London attack: British Muslim council condemns 'cowardly and depraved' Westminster terror incident

'There is no justification for this act whatsoever,' says Muslim Council of Britain


The Muslim Council of Britain has condemned the “cowardly and depraved” terror attack that left three victims dead in London.

“There is no justification for this act whatsoever,” said the group’s Secretary General, Harun Khan.

“The best response to this outrage is to make sure we come together in solidarity and not allow the terrorists to divide us.

“My condolences, thoughts and prayers go to the families of the victims.”

His remarks came after a crowdfunding campaign by a group called Muslims United for London raised more than £3,000 for victims and their loved ones within an hour of its launch.

The fund had surpassed £9,000 at the time of publication and was continuing to rise rapidly.

Muddassar Ahmed said he started the fund after witnessing the attack, having entered Portcullis House just 10 minutes before terror struck and being barricaded inside for four hours.

Sadiq Khan on the Westminster attack: "Londoners will never be cowed by terrorism"

“I was shocked to see the injuries and loss of life outside my window,” he wrote.

“I reflected on what it means to be a born-and-bred Londoner and found myself proud of how security and medical services responded, how ordinary passers-by offered first aid, and what our Parliament means to me, an institution that is the oldest of its kind in the world and how, regardless of our critiques of government policies or political parties, remains an institution that reflects how the will of the people can be expressed with civility and dignity.”

The Muslim Council of Britain (MCB) commended the Metropolitan Police, emergency services, Prime Minister and Mayor of London for their response to Wednesday’s atrocity, which has been claimed by Isis.

Two members of the public – British mother Aysha Frade and American tourist Kurt Cochran – were killed as the attacker ploughed into pedestrians on Westminster Bridge before crashing it into railings guarding the Houses of Parliament.

He ran to one of the entrances and fatally stabbed PC Keith Palmer before being shot dead by an armed officer.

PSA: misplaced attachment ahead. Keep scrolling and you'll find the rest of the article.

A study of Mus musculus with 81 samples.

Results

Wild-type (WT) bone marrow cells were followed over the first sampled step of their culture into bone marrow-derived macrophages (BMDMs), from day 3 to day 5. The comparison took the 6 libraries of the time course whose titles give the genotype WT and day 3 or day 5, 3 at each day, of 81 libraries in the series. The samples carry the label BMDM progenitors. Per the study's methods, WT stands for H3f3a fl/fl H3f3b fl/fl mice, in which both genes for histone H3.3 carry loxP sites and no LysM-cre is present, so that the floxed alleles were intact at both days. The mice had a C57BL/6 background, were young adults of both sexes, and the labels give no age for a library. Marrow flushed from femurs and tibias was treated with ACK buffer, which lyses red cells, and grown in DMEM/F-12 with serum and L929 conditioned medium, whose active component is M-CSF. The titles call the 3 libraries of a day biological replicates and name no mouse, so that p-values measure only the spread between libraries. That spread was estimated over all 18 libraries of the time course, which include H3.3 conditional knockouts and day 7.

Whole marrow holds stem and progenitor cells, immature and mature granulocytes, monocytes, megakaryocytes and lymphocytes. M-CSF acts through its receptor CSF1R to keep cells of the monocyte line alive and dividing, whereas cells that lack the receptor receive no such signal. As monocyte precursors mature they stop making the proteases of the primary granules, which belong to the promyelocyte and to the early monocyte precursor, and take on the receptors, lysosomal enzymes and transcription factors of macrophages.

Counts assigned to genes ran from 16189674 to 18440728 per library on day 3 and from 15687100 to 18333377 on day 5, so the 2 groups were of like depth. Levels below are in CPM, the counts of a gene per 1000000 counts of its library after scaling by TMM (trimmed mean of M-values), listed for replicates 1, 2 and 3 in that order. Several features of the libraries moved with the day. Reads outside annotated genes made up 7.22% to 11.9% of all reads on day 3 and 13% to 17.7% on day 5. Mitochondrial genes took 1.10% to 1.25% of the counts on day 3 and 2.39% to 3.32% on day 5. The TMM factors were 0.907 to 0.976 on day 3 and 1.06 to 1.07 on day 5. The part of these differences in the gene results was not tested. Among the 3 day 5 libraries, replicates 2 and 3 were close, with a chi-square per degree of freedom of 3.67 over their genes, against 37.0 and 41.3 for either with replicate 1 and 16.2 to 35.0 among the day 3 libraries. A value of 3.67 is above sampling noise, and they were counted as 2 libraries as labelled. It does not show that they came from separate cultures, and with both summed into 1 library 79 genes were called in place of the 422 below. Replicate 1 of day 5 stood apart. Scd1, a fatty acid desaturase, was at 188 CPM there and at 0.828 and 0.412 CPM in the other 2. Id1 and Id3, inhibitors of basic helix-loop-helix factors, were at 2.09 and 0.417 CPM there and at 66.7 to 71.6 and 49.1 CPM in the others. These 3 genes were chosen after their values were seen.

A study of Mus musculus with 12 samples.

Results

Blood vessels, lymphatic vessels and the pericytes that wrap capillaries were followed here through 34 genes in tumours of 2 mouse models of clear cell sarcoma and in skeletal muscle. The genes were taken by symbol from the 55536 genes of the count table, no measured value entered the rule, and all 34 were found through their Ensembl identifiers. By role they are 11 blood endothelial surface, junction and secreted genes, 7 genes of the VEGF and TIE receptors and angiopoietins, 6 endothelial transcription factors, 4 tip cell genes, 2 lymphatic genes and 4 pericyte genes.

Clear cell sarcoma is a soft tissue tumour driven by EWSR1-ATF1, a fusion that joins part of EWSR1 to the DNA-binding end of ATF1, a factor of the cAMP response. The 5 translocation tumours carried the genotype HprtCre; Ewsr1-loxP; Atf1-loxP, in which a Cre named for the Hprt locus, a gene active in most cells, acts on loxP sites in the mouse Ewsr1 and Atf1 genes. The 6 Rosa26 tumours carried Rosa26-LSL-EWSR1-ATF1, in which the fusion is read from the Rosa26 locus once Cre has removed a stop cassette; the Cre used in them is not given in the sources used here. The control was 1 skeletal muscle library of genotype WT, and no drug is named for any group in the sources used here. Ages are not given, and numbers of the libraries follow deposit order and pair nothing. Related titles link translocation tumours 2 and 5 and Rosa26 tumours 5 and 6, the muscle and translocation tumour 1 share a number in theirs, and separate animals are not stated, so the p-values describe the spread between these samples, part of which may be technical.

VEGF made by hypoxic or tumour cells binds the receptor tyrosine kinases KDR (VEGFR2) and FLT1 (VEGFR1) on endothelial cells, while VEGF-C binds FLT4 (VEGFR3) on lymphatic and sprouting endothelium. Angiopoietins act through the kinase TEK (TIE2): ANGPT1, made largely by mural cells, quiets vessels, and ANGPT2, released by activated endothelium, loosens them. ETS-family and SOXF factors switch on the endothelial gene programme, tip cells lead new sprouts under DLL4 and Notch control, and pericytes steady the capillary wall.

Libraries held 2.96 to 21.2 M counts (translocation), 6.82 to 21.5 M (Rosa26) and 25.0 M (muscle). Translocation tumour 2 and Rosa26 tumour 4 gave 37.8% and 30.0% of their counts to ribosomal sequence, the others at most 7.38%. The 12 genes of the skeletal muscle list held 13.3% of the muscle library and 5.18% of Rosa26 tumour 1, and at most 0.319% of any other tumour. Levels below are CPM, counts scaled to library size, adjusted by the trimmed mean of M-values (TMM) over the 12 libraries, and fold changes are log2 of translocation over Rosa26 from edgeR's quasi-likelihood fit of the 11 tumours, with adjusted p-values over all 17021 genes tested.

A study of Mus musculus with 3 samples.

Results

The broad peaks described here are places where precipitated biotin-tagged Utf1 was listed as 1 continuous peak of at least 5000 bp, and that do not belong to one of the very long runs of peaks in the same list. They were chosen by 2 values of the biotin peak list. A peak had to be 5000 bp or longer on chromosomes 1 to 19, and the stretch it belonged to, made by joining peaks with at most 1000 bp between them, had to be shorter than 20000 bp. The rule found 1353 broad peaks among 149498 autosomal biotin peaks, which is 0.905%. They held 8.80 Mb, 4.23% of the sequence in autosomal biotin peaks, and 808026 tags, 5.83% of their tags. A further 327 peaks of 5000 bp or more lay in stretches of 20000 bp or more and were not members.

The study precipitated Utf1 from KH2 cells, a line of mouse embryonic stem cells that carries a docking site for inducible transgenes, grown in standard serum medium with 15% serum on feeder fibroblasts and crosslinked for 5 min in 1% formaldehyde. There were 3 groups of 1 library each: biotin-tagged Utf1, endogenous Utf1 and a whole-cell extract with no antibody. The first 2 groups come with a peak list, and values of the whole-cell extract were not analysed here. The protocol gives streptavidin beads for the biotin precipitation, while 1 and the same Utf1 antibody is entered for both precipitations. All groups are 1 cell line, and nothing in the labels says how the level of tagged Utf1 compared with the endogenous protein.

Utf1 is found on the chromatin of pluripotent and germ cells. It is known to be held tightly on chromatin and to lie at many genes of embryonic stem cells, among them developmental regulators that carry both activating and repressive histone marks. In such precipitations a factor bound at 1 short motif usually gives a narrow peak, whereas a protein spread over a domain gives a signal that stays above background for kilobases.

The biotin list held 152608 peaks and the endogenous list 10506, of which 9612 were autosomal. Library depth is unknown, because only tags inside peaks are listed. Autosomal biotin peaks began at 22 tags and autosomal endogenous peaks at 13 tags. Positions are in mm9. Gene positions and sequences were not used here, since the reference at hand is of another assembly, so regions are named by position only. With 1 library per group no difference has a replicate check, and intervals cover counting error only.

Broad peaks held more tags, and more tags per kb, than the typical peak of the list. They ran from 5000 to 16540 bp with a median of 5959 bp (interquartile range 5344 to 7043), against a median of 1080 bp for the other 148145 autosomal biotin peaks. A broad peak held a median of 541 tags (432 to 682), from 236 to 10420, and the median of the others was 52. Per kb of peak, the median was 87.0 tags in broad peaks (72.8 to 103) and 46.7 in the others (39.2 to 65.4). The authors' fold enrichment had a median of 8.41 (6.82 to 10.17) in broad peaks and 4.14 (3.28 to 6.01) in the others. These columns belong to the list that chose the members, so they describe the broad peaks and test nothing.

Mr Khan, who will be joining a memorial for the victims to be half in Trafalgar Square, hailed Mr Palmer’s bravery and thanked the police and emergency services.

“I hope my Muslim brothers and sisters will reach out to fellow Londoners and Britons in solidarity to demonstrate that such hatred will not defeat our way of life,” he added.

The MCB is the UK’s largest Muslim umbrella organisation and represents more than 500 national and local groups, mosques, charities and schools.

Sadiq Khan, the mayor of London, urged Muslims to be “vigilant” against the dangers of Islamist ideology and hate preachers.

He urged people to ensure young people know “true Islam” from online propaganda to help them combat the risk of grooming and radicalistation.

“Terrorists want to attack London is because they hate the fact that we don’t just tolerate each other – whether you’re a Christian, Muslim, Jew, Hindu, Sikh, Buddhist, member of an organised faith or not, we respect, embrace and celebrate each other and that’s going to carry on,” Mr Khan told the BBC.

In a statement claiming responsibility for the attack, which injured more than 40 people, Isis said it was carried out by a “soldier of the Islamic State” in response to calls for revenge on countries bombing its territories in Syria and Iraq.

Metropolitan Police detectives are investigating the attack as terror-related but have not named any particular group.

Eight people have been arrested in a series of overnight arrests in London and Birmingham, where the attacker hired the car used in the massacre.